Book of the Week: A Dictionary Of Hallucinations.

Screen Shot 2013-11-13 at 09.45.07History is full of reports of visionaries, prophets, and other figures who derived their insights from what we would now classify as hallucinations. As these reports testify, individuals who knew how to deploy them convincingly for some noble cause were often rewarded with a high social status.

Thus one might hold that hallucinations have constituted a legitimate source of information and inspiration in most – if not all – ancient cultures. On the other hand, for other groups of individuals they have always constituted a significant source of suffering. But even in these cases, the concept of neurological pathology seldom seemed to come to mind. Those who needed help were more likely to be taken to a priest than to a physician. According to Zilboorg and Henry, for thousands of years it was unthinkable that doctors, with their earthly methods, would some day involve themselves in matters ‘pertaining to the spirit’. This may well have been the fundamental reason why medicine became involved in the study of hallucinations so late in its developmental history.

‘A dictionary of hallucinations’ takes us on a journey, through the rise of scientific thinking and the simultaneous process of secularization, which brought about a shift in the general attitude towards hallucinations. Their otherworldly origin was no longer taken for granted, and in 1813 John Ferriar became the first person to write about hallucinations from a completely physiological point of view. I spent a few hours reading through this book and marveling at the vast accounts of hallucinations and their etiologies. It is a very interesting read with very unique cases that I have never seen in any Neurology text. Although you may never encounter these on your ward rounds I think they provide unique insight into the mind and also pose some very thought-provoking metaphysical questions.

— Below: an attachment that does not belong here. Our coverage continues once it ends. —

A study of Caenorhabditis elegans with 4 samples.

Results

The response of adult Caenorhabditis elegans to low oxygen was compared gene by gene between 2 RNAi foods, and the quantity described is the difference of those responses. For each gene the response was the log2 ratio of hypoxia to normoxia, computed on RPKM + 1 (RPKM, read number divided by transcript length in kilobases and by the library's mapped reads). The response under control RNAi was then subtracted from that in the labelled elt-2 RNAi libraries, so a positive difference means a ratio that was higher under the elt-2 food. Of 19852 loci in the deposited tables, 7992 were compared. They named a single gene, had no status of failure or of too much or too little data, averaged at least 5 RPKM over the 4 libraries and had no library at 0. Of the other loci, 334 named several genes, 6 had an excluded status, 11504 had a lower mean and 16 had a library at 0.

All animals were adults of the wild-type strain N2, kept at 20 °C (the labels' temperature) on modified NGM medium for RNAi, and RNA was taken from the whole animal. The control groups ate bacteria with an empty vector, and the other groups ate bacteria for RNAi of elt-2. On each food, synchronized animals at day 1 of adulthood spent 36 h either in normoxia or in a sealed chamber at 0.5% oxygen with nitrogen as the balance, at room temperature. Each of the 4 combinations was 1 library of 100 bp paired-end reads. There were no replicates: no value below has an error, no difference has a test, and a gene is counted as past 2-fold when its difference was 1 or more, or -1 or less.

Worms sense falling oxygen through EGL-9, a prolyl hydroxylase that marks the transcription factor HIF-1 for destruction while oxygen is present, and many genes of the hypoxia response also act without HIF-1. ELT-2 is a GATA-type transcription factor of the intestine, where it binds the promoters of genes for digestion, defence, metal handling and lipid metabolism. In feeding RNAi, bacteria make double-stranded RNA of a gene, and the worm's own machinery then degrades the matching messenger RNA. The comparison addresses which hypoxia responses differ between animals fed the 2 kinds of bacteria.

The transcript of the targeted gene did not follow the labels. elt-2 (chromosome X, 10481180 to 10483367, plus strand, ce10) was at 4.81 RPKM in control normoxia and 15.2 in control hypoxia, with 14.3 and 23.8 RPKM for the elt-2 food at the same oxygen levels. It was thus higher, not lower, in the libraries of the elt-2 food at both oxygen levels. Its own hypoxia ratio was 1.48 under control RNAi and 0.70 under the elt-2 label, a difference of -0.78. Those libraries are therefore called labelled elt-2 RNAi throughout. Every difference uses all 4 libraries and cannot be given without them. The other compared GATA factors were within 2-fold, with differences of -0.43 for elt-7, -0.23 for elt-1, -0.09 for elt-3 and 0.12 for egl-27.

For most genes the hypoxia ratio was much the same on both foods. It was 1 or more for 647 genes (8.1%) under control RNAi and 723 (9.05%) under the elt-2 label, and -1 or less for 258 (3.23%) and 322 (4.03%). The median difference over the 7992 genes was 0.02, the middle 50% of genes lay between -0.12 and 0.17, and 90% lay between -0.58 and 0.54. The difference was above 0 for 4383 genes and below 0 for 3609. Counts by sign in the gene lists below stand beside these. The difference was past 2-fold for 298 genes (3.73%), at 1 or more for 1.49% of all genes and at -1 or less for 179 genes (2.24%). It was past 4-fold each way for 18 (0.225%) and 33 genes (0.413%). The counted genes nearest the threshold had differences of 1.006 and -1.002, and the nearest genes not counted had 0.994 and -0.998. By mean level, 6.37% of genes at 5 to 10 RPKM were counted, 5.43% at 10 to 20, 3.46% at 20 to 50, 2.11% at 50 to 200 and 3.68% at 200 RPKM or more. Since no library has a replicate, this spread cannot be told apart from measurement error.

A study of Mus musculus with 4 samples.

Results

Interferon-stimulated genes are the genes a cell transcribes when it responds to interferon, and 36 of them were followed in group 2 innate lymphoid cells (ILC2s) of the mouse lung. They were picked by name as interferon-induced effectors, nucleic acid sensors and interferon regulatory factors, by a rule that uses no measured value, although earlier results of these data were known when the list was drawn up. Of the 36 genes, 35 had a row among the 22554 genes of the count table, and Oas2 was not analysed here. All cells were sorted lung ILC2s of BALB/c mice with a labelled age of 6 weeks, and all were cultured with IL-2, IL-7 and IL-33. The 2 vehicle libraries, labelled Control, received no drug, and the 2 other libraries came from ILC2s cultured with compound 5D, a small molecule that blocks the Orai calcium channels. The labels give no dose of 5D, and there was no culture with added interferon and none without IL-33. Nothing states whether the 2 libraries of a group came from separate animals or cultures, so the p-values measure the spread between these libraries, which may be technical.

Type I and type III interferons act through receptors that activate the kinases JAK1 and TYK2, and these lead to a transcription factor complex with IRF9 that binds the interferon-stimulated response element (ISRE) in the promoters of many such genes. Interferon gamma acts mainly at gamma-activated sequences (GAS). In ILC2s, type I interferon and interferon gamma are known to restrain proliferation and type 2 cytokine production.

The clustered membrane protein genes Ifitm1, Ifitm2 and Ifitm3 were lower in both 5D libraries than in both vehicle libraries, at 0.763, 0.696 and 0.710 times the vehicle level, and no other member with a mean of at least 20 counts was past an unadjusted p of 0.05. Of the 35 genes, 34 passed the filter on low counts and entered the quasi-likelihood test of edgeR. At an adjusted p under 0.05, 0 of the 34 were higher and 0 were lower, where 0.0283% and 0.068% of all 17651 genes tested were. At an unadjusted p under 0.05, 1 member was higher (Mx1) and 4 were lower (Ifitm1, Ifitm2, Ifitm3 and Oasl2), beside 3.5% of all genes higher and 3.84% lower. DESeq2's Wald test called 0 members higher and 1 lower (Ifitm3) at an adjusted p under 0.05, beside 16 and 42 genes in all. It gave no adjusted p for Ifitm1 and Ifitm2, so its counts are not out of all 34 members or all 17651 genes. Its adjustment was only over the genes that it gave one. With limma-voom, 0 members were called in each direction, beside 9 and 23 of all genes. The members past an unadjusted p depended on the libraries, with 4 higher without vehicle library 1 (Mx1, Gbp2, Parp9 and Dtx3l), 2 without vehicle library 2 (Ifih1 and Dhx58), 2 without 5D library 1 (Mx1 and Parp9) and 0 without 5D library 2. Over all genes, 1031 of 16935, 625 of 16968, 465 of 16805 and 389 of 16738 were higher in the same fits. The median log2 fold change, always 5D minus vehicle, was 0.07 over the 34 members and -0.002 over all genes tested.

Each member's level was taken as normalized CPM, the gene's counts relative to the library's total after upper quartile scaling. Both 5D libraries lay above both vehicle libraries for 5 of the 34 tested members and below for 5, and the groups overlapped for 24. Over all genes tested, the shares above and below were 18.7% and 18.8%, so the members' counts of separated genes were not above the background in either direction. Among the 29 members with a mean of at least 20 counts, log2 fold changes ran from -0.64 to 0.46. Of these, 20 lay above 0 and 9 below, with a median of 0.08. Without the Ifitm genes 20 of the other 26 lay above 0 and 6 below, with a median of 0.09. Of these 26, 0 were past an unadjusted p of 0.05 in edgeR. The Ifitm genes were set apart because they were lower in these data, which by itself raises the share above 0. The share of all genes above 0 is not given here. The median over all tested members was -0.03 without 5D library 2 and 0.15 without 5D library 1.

For example, Alice in Wonderland syndrome refers to the protagonist in the book Alice’s Adventures in Wonderland by Lewis Carroll (1832–1898) whose experiences are reminiscent of symptoms such as micropsia (objects appear smaller than normal), macropsia (Objects appear larger than normal), macrosomatognosia (Macrosomatognosia refers to a disorder of the body image in which the patient perceives a part or parts of his body as disproportionately large). I would advise anyone who is interested in Neurology or metaphysics to take a read of this book.